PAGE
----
Under the Microscope

Hospital laboratories are a little like a lab on the popular CSI (crime scene investigation) television shows. They are places where science provides clues to solve mysteries, in this case medical mysteries.

Laboratory Hospital lab studies help diagnose diseases or rule them out, map treatment plans, measure the effectiveness of medications, and much more. They generate about 80 percent of the diagnostic information that goes into a patient medical chart, yet they can be something of a mystery themselves.

“Everybody knows about having a blood sample drawn, which is the face of our operation,” says Jay Wilkerson, director of Laboratory Services at Community Hospital of the Monterey Peninsula. “But then it seems that sample goes into a ‘black box’ somewhere and the patient doesn’t really know what happens next. The patient goes back to the doctor to find out he or she is anemic, or whatever the results may be. The black box is the considerable operation that goes on behind the scenes to be able to get that result to the doctor.

”What goes on in that black box? The clinical lab part of Laboratory Services runs diagnostic tests on blood, urine, and stools. The purpose may be something as basic as obtaining a cholesterol count or as advanced as determining which antibiotic is best at fighting a specific infection.

At Community Hospital, the work is carried out by a staff spread among the clinical laboratory, pathology, and the Blood Center. Many people come into contact with Laboratory Services through one of its satellite facilities, some through the lab at the main hospital, others at bedside, when a technologist comes to take a sample.

Once a specimen is received for analysis, Wilkerson says, it generally goes into automated testing. In the case of a whole blood sample, for instance, it goes through an instrument that actually counts cells.

“In the old days,” he says, “we looked into a microscope and counted cells ourselves. Most testing has evolved from manual methods to automation, which gives us increased accuracy,  standardization, sensitivity, and specificity.”

Technology also has advanced to  the point where laboratory testing can be administered at the bedside. This  helps quickly provide doctors information they need to diagnose patients unable to visit the lab. 

The pathology part of Laboratory Services diagnoses diseases at a cellular level — the mystery-solving similar to CSI.

“For example,” Wilkerson says, “let’s say the patient finds a lump. He goes to see his doctor, who wants to do a biopsy, in which tissue is surgically removed in the office or hospital setting, then that tissue sample is submitted to pathology for evaluation.“

The pathologist starts by preparing a general description of the tissue, which includes its appearance and what part of the body it came from. Next, the tissue is sent to the histology section of pathology, where the sample is prepared for review by a pathologist. Here, the tissue is sliced into fine layers that are put on a slide so the pathologist can study the sample at the cellular level to ascertain whether cancer or some other disease may be present.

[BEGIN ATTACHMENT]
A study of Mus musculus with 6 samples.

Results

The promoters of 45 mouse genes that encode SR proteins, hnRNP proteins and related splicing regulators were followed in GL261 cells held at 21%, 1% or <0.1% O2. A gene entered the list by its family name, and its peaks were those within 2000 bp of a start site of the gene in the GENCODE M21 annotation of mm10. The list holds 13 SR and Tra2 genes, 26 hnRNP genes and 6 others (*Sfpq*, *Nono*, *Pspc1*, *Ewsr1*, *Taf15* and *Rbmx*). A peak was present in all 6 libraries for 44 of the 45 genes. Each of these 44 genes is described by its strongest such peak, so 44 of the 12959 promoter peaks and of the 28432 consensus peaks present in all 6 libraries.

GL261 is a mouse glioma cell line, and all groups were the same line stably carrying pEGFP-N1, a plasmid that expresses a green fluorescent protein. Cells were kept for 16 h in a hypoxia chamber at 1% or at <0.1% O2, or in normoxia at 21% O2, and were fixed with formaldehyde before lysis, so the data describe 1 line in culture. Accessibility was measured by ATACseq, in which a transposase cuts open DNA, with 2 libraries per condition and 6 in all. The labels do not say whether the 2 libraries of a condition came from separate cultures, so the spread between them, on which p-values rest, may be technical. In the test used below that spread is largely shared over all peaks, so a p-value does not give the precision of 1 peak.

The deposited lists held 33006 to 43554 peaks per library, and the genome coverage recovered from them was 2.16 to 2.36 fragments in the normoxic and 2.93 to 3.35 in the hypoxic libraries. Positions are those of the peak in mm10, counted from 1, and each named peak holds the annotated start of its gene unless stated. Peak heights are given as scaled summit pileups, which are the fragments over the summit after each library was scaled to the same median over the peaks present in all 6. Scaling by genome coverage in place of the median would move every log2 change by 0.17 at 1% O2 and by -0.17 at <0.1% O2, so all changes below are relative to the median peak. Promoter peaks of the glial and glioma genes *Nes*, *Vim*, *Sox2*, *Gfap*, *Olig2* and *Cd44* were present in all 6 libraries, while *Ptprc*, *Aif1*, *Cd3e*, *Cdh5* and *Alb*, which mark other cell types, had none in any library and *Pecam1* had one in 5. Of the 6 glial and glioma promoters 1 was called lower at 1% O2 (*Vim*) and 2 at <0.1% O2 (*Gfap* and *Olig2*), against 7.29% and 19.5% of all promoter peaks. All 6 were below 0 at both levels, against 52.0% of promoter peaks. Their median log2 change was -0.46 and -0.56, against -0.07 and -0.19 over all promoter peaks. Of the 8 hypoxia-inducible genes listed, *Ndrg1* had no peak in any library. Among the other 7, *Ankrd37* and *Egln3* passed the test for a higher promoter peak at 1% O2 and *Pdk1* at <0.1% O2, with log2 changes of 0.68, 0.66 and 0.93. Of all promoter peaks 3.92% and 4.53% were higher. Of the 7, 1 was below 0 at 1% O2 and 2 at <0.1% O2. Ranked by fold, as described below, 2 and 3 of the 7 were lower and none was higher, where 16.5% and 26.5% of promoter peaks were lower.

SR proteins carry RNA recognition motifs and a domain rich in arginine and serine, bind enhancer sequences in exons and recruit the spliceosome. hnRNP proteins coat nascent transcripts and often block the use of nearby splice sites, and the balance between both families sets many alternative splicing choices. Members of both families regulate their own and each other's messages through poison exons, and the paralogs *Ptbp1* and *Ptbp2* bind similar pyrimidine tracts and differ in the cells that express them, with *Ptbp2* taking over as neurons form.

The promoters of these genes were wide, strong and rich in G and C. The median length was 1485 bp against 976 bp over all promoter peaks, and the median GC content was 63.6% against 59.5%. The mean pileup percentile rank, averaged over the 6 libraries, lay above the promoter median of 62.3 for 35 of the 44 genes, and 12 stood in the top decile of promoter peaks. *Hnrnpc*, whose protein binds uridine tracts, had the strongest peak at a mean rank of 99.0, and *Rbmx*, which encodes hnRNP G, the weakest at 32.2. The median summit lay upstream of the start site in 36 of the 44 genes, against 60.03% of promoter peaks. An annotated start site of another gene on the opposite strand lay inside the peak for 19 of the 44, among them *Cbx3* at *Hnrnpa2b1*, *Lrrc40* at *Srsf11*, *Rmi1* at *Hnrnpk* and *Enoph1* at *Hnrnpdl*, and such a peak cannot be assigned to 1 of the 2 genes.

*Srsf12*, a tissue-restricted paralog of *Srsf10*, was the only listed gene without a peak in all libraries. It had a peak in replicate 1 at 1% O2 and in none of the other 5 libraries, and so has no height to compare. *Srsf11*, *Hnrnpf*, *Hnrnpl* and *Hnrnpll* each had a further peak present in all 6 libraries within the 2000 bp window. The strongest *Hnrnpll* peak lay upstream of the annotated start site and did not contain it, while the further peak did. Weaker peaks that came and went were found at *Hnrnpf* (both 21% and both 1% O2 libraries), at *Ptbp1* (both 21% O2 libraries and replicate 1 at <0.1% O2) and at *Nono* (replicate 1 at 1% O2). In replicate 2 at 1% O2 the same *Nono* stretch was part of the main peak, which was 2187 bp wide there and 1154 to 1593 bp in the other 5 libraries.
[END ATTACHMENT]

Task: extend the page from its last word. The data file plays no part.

“A transformation of the pathology department occurred with the advent of immunological stains,” Wilkerson continues. “We can now attach a stain or dye to a certain marker on a cell and then look at it under a microscope to see if it is recognizable. This helps pathologists determine, for example, what kind of cancer it might be.

“Although we tend to talk in general terms about, for example, breast cancer, in reality there are different kinds of breast cancers that manifest differently. Some are aggressive and some are not; some respond to one kind of treatment, while another will not. The markers take us beyond merely looking at a cell to a more exacting analysis, which aids not only in diagnosis but also in the development of a treatment plan specific to that cancer.”

The third part of Laboratory Services is the Blood Center, which supplies 99.9 percent of the blood needed at the hospital, thanks to blood donations from the community. Through mobile blood drives and visits to the Blood Center at Hartnell Professional Center in downtown Monterey, the public donates about 7,500 pints annually.“It is actually rare among community hospitals anymore to collect their own blood supply,” Wilkerson says. “But this is one of our big endeavors, and it currently costs less than buying blood the way other hospital do and ensures that we have blood when we need it. Donating blood is the ultimate gesture of community, and we’re fortunate that so many of the people who live here are so supportive.”

While the vast majority of Laboratory Services’ work involves humans, it occasionally has been called upon to help study non-human mysteries.“

Our pathology staff has, from time to time, responded to requests to prep tissue specimens for the Monterey Bay Aquarium and its research institute, as well as other research facilities,” Wilkerson says. “We’ve had the gambit of sea creatures, but my favorite was the shrimp antennae. We sectioned shrimp tissue, put it onto a slide and stained it, then gave it back to the researchers to study cellular changes in the shrimp antennae. It’s all very interesting, and one more way we can connect to the community.”